Another Lovely Mess
Albuquerque Contemporary at the Albuquerque Museum
Every year Magnífico puts together a broad juried sampling of work from artists living in and around Albuquerque. Every year the show is a jumbled, chaotic mess. Yet for whatever reason, every year it's also enjoyable.
Now in its 14th year, Albuquerque Contemporary 2003 presents work from 42 different local artists. In terms of styles, media and themes, the show is all over the map. Historically, that's often been the exhibit's greatest strength, and this year is no different.
Cynthia Barber's "Press Box"—incorporating a papier-mâché mask surrounded by dollar bills, the mouth stuffed with shredded newsprint—is a little too clever for serious political commentary, as is John Gannett's "Comforter," a giant blanket of shredded magazines.
Brian O'Connor's paintings, on the other hand, are funny, nuanced social pieces. "Garbage Pants, the Imperialist" depicts a corpse hanging from canvas straps, transparent plastic pants stuffed with garbage. "The Sandwich Eater Killing Time" shows a creepy chef clown, a bald angry circus man chomping on a sandwich and a little boy with sand slipping through his fingers. Both paintings are humorous and effective icons for American society as it's dismantled by sick, greedy lunatics in Washington.
Brooke Steiger's simple, rushed oil and graphite depictions of birds lend a sensation of movement to her compositions. Even the scrawled, mostly illegible, washed-out script in the background seems to be moving.
One of the more fascinating pieces in the show is Justin Bagley's amazing untitled throne. Half altar, half chair, you could easily eat up an hour inspecting details composed of keyboard buttons, metal switches, cropped photos, marbles, antlers, spoons, metal scraps, bottles, shells and polished stones. It also looks surprisingly comfortable. (I didn't give it a sit, though. Security is tight at the Albuquerque Museum.)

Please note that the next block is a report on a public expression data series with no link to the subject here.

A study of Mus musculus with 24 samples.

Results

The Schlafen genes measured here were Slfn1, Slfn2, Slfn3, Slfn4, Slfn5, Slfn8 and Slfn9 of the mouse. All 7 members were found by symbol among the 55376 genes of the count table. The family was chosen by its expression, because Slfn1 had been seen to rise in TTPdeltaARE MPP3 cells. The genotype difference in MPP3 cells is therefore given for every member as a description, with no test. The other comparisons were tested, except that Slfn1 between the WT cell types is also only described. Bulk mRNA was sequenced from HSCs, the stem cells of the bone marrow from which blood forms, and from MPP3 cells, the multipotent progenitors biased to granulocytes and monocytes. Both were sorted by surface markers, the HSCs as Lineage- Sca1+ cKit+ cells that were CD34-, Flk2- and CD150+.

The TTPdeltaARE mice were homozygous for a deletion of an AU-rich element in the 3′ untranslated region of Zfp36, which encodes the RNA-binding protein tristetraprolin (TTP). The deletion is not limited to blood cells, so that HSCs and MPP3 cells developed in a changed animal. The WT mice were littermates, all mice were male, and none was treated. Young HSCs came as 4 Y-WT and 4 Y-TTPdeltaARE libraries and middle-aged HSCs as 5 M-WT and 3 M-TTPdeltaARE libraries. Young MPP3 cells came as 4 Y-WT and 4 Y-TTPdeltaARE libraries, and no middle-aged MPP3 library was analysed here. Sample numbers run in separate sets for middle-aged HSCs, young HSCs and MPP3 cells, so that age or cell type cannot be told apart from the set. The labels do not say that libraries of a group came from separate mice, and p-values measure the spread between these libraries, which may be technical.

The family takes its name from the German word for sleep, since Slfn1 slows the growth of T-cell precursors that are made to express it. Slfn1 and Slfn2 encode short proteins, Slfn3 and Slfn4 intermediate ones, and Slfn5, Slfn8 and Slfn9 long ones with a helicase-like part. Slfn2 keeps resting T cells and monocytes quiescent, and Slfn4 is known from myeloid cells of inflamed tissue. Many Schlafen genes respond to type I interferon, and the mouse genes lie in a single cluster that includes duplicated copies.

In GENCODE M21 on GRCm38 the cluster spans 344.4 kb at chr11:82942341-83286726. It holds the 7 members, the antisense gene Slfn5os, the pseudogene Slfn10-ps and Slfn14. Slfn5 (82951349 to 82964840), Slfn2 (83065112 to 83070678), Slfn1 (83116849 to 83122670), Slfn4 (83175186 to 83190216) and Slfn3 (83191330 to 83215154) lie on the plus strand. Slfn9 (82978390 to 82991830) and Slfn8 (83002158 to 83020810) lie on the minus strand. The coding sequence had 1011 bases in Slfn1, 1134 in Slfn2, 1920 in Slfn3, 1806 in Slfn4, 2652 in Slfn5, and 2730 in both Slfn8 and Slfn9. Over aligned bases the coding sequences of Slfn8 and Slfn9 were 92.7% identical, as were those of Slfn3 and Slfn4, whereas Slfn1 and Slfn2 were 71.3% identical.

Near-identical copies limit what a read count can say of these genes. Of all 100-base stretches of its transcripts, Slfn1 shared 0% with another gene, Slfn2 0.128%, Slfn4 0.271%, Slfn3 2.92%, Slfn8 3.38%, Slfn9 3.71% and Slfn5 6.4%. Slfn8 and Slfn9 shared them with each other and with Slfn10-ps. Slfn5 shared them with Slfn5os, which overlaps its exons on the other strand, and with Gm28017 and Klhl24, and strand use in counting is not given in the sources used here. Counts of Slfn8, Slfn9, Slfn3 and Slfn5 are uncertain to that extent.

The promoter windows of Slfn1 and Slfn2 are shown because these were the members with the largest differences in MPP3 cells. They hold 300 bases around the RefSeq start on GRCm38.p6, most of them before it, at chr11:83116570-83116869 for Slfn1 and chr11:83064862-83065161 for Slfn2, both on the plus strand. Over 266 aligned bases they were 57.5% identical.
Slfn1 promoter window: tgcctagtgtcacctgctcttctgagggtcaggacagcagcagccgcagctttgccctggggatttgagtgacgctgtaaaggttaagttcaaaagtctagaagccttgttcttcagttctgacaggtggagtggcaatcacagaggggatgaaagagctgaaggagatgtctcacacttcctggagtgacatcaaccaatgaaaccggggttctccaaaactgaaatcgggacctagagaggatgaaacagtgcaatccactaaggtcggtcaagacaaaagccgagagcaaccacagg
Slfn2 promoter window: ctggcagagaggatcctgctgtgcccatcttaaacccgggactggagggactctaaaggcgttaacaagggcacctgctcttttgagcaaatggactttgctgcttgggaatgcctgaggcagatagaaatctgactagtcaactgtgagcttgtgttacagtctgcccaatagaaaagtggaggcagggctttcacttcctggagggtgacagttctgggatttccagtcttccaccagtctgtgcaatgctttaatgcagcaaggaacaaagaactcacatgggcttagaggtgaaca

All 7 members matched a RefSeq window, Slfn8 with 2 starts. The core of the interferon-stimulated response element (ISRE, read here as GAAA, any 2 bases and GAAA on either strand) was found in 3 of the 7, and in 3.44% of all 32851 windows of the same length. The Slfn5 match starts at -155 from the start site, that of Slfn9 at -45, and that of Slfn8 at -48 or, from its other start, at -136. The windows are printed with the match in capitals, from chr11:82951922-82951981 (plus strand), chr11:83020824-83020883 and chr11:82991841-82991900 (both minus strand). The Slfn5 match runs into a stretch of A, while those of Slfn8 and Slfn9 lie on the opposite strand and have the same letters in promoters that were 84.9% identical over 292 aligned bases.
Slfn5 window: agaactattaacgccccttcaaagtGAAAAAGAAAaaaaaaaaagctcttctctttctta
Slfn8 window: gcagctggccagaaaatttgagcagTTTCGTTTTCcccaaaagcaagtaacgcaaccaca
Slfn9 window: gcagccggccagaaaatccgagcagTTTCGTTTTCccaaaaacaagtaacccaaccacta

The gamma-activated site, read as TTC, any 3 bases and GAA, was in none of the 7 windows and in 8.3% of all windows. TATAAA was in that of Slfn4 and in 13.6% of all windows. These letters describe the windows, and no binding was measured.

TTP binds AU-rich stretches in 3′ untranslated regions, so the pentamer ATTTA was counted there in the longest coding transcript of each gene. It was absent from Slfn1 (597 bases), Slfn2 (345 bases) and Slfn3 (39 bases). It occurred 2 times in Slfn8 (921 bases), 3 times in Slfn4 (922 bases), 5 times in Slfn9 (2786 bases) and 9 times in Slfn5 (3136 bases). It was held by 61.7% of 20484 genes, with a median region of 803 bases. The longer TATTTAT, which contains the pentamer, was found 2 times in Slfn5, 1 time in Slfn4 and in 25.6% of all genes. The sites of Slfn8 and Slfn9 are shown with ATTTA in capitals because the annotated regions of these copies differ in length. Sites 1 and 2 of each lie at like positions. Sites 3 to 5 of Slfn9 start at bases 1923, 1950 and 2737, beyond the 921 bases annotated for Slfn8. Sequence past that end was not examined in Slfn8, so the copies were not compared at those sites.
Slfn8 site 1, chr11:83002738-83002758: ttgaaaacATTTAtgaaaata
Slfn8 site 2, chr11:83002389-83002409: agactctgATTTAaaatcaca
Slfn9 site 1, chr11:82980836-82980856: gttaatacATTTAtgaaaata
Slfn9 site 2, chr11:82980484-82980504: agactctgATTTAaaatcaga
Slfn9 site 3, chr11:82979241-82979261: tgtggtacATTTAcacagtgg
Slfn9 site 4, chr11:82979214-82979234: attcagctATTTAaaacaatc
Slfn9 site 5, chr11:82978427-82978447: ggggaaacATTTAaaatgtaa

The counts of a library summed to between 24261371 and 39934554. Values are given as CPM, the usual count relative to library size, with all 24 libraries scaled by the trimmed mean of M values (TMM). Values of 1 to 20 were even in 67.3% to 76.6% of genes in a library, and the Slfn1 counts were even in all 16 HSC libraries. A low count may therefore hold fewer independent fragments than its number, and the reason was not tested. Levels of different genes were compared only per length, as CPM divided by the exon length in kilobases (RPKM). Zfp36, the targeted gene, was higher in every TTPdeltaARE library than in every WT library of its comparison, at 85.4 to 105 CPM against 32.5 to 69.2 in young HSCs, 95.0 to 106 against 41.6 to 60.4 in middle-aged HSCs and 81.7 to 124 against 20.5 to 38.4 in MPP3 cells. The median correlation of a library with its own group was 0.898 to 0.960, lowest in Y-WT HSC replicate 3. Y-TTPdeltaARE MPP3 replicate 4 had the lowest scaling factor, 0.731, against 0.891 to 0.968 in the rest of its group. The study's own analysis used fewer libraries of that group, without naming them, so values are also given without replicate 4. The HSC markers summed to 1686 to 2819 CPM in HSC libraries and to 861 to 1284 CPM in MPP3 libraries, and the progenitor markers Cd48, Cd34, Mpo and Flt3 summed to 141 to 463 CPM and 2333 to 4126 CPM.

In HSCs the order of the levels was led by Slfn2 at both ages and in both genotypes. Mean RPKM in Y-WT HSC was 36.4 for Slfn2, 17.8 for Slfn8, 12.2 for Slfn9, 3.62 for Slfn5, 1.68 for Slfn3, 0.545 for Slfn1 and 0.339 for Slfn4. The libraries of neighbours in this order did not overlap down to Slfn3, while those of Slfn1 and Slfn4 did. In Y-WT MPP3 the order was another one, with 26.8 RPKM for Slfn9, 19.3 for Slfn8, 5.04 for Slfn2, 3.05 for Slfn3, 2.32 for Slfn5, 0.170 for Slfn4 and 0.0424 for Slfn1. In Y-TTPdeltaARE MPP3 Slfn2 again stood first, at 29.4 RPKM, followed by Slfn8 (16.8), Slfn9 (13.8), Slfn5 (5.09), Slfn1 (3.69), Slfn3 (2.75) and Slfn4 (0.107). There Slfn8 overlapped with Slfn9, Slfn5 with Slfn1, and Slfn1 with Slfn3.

Emily Trovillion's "Finding the Golden Mean" is an enjoyable surrealistic Alice-in-Wonderland oil painting depicting a woman with an enormous head holding an armless, albino devil on her open palm. Kristin Diener's wonderful, personalized jewelry might not be practical for daily wear, but it's a pleasure to look at. Chuck Gibbon's flat, plastic painting "East Central" successfully captures some of the blighted urban spirit on the stretch of Central near the Hiland Theatre and New Chinatown.
The most charming pieces in the show might be Mark Beck's simple paintings of houses. "The County Line" depicts a pair of windowless, doorless abodes set in green, rolling hills in early morning (late evening?) light. "The Flood" portrays a red, thoroughly flooded house with an improbable smoking chimney. Both of Beck's paintings are pleasingly serene.
Notably less serene are Angelo Chiado III's paintings, which are garishly colored, or rather discolored, like meat left in the hot sun too long. In the case of "Love Seat"—picturing a bondaged couple on a short couch—Chiado has created an image that's wholeheartedly sinister.
There's so much more here that's worth inspecting—Andrew John Cecil's mangled tool box, Marcia Finkelstein's bright orange Miró-esque abstracts, Christopher Fennell's imposing "Board Caterpillar" sculpture. All in all, this is a fun show, presenting a healthy cross section of our region's vibrant art scene. Check it out now before the exhibit closes at the end of the month.
Albuquerque Contemporary, a juried exhibit featuring work by artists from the Albuquerque area, runs through August 31 at the Albuquerque Museum. 242-8244.